In its early days at the beginning of the 15th Century, village life in Ghaxaq centred around the Church. The first chapel was built there in 1511 and was dedicated to the Assumption of St.Mary. Only one mass was celebrated in this chapel each year in August on the feast of the Assumption. There were no other entertainment sources, so the village feast and other religious activities were a community gathering.
It is safe to say there is more rural land than built land in Ghaxaq. The rural tradition remains strong, with working farms and plenty of wild countrysides. Although Ghaxaq has a busy thoroughfare running through it, partly due to its vicinity to the airport, it is still an impressively quiet village. At the heart of the town, surrounding the parish church, is the old part of the village, with intimate, winding alleys from a few centuries back. The modern part of the town extends beyond the by-pass, a long avenue of trees that effectively links the village to other parts of the island.
The Parish Church, dating from 1784, is dedicated to the Assumption of Our Lady. Its construction took over 50 years to build, with works carried out by the very villagers of Ghaxaq who are also well-appreciated stone masons. Attributed to architect Sebastian Saliba, its foundation stone was laid by Bishop Alpheran de Bussan, in 1733. It is built in the ‘modern’ style of its day, a very imposing high Baroque, and evidence of this is the luscious interior of the Church, with numerous antique relics, reliquaries, and artifacts gracing the interiors.
The countryside in Ghaxaq is very particular as it has both farmland and wild garigue, all connected with pathways and lanes, which all make for great walking experiences. Incredible vistas are guaranteed, as well as some interesting sites. Another interesting fact is that one can walk all the way to Birzebbuga’s Ghar Dalam or Pretty Bay or head the other way towards Gudja and Hal Far.
Ghaxaq boasts a very particular building, and one probably unique to Malta – the Snail House. The facade of this old residence is covered in snail and sea shells of all kinds, creating a beautiful facade full of religious icons. It was masterminded by Andrew Dimech, back in the late 19th Century, making it more than 100 years old, and although it is falling in disrepair, one can still see a big part of it.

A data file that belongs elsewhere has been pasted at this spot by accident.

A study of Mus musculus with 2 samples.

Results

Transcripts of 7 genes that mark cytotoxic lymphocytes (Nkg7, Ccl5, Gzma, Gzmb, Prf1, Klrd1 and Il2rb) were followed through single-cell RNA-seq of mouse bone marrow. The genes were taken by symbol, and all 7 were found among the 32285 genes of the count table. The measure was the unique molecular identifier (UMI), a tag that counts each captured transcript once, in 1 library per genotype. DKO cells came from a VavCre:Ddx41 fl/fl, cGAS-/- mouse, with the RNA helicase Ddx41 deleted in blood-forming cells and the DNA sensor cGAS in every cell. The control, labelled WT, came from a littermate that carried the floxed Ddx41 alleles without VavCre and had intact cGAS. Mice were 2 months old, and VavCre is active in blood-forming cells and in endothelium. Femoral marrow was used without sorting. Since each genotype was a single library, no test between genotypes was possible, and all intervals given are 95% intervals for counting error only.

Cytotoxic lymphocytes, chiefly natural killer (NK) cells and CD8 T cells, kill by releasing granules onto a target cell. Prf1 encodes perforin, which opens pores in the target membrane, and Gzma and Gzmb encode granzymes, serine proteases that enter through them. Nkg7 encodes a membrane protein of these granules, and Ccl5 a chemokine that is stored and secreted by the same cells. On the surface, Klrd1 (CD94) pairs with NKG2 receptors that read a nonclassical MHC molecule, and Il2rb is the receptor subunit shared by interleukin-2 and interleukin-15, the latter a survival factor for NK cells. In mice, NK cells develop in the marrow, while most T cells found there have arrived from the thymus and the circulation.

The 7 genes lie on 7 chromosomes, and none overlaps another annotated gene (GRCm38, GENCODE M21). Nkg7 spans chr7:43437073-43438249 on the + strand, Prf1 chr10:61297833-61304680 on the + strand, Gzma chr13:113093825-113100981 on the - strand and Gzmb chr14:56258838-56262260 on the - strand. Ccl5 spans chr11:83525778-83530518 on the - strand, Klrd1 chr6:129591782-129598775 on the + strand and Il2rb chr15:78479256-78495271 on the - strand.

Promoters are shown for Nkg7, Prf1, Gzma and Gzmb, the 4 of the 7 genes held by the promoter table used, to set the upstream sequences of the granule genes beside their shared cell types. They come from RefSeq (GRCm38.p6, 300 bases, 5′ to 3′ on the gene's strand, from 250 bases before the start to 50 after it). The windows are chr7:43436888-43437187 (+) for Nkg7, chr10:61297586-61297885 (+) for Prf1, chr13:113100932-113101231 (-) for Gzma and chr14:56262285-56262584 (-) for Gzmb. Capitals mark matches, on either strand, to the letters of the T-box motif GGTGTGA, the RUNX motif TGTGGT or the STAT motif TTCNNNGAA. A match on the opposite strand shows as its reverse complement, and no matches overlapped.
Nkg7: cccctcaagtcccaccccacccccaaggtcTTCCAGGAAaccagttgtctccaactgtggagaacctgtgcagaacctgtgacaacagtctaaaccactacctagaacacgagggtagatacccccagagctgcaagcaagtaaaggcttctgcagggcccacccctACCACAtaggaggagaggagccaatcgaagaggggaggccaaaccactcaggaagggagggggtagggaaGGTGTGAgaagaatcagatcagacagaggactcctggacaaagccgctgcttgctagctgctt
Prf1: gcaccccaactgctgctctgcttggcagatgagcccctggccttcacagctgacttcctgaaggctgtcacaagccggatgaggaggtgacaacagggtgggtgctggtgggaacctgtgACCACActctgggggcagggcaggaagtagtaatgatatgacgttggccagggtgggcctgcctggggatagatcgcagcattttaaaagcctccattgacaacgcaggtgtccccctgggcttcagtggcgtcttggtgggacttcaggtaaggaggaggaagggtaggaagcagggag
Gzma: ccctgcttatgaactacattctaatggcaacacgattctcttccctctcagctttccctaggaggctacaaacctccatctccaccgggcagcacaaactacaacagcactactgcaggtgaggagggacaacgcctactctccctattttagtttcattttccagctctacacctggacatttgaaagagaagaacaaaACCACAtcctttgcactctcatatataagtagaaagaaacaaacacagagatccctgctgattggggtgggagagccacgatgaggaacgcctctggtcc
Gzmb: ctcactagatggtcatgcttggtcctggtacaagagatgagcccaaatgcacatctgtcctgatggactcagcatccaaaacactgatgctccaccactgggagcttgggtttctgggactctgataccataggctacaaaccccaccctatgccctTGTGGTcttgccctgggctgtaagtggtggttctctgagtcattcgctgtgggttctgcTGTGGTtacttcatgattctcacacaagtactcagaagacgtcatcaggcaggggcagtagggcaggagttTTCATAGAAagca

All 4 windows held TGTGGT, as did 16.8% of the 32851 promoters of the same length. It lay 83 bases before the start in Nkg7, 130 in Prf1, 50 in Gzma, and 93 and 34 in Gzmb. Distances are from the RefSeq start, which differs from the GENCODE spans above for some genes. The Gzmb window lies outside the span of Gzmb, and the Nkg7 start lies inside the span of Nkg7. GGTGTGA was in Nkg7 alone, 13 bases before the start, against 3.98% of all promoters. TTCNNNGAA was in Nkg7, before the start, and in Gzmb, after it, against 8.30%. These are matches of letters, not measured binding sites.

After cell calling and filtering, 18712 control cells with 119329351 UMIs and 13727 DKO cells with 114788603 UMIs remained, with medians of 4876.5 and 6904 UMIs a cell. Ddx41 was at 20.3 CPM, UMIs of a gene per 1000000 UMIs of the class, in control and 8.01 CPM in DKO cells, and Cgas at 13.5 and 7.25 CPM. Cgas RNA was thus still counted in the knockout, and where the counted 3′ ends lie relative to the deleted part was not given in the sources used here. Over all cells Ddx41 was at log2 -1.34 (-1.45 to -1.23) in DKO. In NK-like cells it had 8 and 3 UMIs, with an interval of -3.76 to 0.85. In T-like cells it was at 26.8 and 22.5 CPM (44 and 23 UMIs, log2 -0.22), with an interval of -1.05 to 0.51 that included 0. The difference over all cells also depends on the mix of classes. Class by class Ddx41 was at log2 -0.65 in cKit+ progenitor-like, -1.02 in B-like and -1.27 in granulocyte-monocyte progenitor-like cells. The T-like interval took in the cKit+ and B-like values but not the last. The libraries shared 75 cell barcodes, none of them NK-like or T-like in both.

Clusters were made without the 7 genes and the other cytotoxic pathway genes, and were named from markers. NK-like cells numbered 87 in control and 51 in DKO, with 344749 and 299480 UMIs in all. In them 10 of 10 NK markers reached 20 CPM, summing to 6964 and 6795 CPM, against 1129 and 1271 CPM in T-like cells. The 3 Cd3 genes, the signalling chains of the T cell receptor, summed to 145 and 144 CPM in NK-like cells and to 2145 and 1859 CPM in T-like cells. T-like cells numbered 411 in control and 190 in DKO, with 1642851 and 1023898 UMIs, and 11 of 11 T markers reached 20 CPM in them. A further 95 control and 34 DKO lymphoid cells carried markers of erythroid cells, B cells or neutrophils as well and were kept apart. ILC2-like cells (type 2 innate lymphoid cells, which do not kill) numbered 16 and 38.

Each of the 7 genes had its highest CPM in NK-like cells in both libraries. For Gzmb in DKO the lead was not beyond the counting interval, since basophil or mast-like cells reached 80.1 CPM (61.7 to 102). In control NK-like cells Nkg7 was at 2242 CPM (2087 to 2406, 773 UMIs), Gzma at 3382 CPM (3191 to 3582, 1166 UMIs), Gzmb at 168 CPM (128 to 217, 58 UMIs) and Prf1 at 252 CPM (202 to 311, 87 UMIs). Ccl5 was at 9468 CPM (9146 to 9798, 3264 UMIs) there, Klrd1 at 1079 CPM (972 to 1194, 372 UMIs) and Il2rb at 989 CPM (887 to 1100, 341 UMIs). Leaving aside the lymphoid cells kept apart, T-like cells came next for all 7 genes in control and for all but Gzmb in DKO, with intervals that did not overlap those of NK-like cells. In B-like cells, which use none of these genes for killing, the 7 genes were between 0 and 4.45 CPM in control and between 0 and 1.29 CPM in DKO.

The chapel was built in 1535 on land owned by the Cathedral chapter through Paolo Pellegrino’s initiatives. In return, an honorary canon of the cathedral was obliged to bear the expenses for the celebration of the saint’s feast. To provide alms for the poor on the feast day, a custom that persisted until World War II. After World War II the chapel was neglected and disused. It was only recently that the chapel was restored and used for worship. The chapel has one altar and a painting depicting Saint Lucy and the Virgin Mary. The chapel’s interior consists of 3 pointed arches that support the walls and roof, typical of medieval architecture in Malta.
The semaphore telegraph system was invented in 1792. Initially, it was planned that semaphore stations be established on the bell towers and domes of the island’s churches, but the religious authorities rejected the proposal. Due to this, in 1848 new semaphore towers were constructed at Għaxaq and Għargħur on the main island of Malta. Another one was built at Ta’ Kenuna in Nadur, Gozo. The Għaxaq Semaphore Tower was built at the highest point in the town, and its roof has views of Birżebbuġa, Marsaxlokk and Mdina. The semaphore system became obsolete with the electrical telegraph’s introduction, and all the stations in Malta were closed by the 1880s. The Tower consists of three floors, each containing a single room. The floors are linked together and with the roof by a spiral staircase. The signalling equipment, consisting of a wooden pole with three movable arms, was located on the Tower’s top.
A big part of Maltese summer life is the Festa and Ghaxaq is no stranger to summer feasts, in fact it celebrates two – St Joseph in June and The Assumption of Our Lady in August.
The Holy family seeks a great devotion in this village. It is the only village in Malta with its Titular and Main Secondary feast dedicated to Saint Mary and Saint Joseph, respectively, which together with Jesus, form the Holy Family. Throughout the years, two Social and Musical Societies emerged in the village, and they contribute to the external celebrations of their respective patron saint.
Another significant event in the village is the improvised carnival in February, which has become increasingly popular and much visited by fun-loving costume-wearing visitors.
This quaint, residential village has recently grown with an influx of new properties, making this area very popular, especially with first time buyers. In spite of this, the most popular properties remain village-core townhouses or farmhouses enjoying rural areas, as well as land plots, the latter being now very limited in availability. A choice number of properties come with sizeable outdoor areas. Modern maisonettes and apartments and houses of character are also to be found.